The July 2013 issue of Tatler has a survey about drugs.

‘Drugs: the terrible truth’ (pp 116-119) is based on the findings of 100 public (exclusive private) school alumni aged 18 to 40.

The findings:

– Around 80% of public school graduates in their 20s take some form of drug, often controlled substances (p. 117).

– The cannabis smoked today is not the same as in the 1980s or earlier. Today’s skunk — ‘hallucinogen-soaked, hydroponically farmed’ — is responsible for most of the casualties of schizophrenia and psychosis in younger adults, from older adolescents to those in their 30s (p. 117).

– More young men than women gravitate towards skunk. Smoking eight or nine joints a day can harm mental health and inhibit memory. One young man who works for a hedgefund had to stop smoking once he realised he couldn’t memorise a string of numbers. On the other hand, one 19-year old said that those who end up damaged by skunk ‘were usually a bit odd to begin with’. Lesson: don’t aggravate an already precarious state of health (p. 117).

Ketamine (horse tranquiliser) is the big drug for adolescents. One 18-year old described it as ‘GCSE juice’. K sells for £20. Those with a bit more pocket money can buy cocaine (£60 – £100, depending on quality) and combine it with K. This mix is known as CK. A 26-year old says of CK, ‘Your limbs aren’t really working and you have lost a lot of motor skills, but you are really hyper and awake’, something he says many users enjoy (p. 118).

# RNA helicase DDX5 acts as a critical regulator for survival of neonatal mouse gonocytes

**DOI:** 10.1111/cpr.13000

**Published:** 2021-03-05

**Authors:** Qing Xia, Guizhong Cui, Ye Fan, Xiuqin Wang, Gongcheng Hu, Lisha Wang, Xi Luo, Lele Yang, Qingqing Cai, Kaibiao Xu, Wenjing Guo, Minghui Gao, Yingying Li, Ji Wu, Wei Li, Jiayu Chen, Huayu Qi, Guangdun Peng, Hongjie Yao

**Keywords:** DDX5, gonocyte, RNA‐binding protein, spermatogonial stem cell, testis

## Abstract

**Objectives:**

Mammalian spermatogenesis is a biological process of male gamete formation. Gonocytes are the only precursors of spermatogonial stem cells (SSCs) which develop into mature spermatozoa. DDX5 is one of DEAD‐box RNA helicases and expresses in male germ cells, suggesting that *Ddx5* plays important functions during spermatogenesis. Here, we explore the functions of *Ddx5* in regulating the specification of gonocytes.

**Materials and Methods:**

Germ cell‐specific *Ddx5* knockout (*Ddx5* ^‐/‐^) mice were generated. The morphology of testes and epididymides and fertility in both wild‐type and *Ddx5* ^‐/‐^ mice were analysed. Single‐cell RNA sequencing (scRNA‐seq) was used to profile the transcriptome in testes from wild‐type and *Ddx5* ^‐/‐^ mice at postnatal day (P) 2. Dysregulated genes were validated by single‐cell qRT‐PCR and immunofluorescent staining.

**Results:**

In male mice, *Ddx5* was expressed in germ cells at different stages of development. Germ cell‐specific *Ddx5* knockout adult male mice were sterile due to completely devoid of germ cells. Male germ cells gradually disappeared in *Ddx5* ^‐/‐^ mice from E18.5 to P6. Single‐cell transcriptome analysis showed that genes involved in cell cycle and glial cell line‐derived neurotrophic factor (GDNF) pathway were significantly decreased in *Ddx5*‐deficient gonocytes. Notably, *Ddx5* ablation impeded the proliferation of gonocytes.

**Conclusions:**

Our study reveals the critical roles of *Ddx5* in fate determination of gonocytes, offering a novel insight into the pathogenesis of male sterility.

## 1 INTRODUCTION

K is the drug of choice for those between 18 and 21 at nightclubs, birthday parties and private parties. One student said that snorting too much K will make you lie on the floor ‘thinking you are flying around Mars. Although it might be a very profound experience for you, you will be quite a horrible thing to behold, because looking like you are unconscious-dead can bum a lot of people out‘ (p. 118).

Ritalin is another popular teen drug. One student said, ‘I have an Asperger’s friend who sells it to me’ (p. 118).

Summer music festival goers rely on ‘hug drugs’ — ecstasy (£10) and MDMA (purer ecstasy, £40 a gram). MDMA users dip a finger in the powder and lick it (p. 118). Valium or Xanax are used to ensure a few hours’ sleep at night (p. 119).

Those surveyed expressed ambivalence towards cocaine, although they acknowledged that the boy with the phial is the one who pulls the girls. Cocaine is now known as ‘gak’. One person who objects to it said ‘it’s not mind-expanding’ (p. 118).

‘Postcode drugs’ are those with chemical formula names, e.g. 2C-T-7. They come from China. Tatler describes them as ‘trippier than MDMA but less hallucinogenic than acid, so you can still dance’ (p. 118).

By the end of the summer, one 27-year old said, most users were broke and ‘on antidepressants by September — no money or serotonin left’ (p. 119).

– Then there is the Famous Five — cocaine, weed, MDMA, K and pills. One woman said she once took them and ended up in an ambulance: ‘Racing heart, flashing lights, stomach pains — I collapsed. I just don’t have the constitution and I’m so grateful for that’ (p. 119).

– The average first age of drug experimentation is 15 years, four months (p. 118).

Only 12% of those surveyed (18 – 40 year olds) have never taken a drug (p. 118).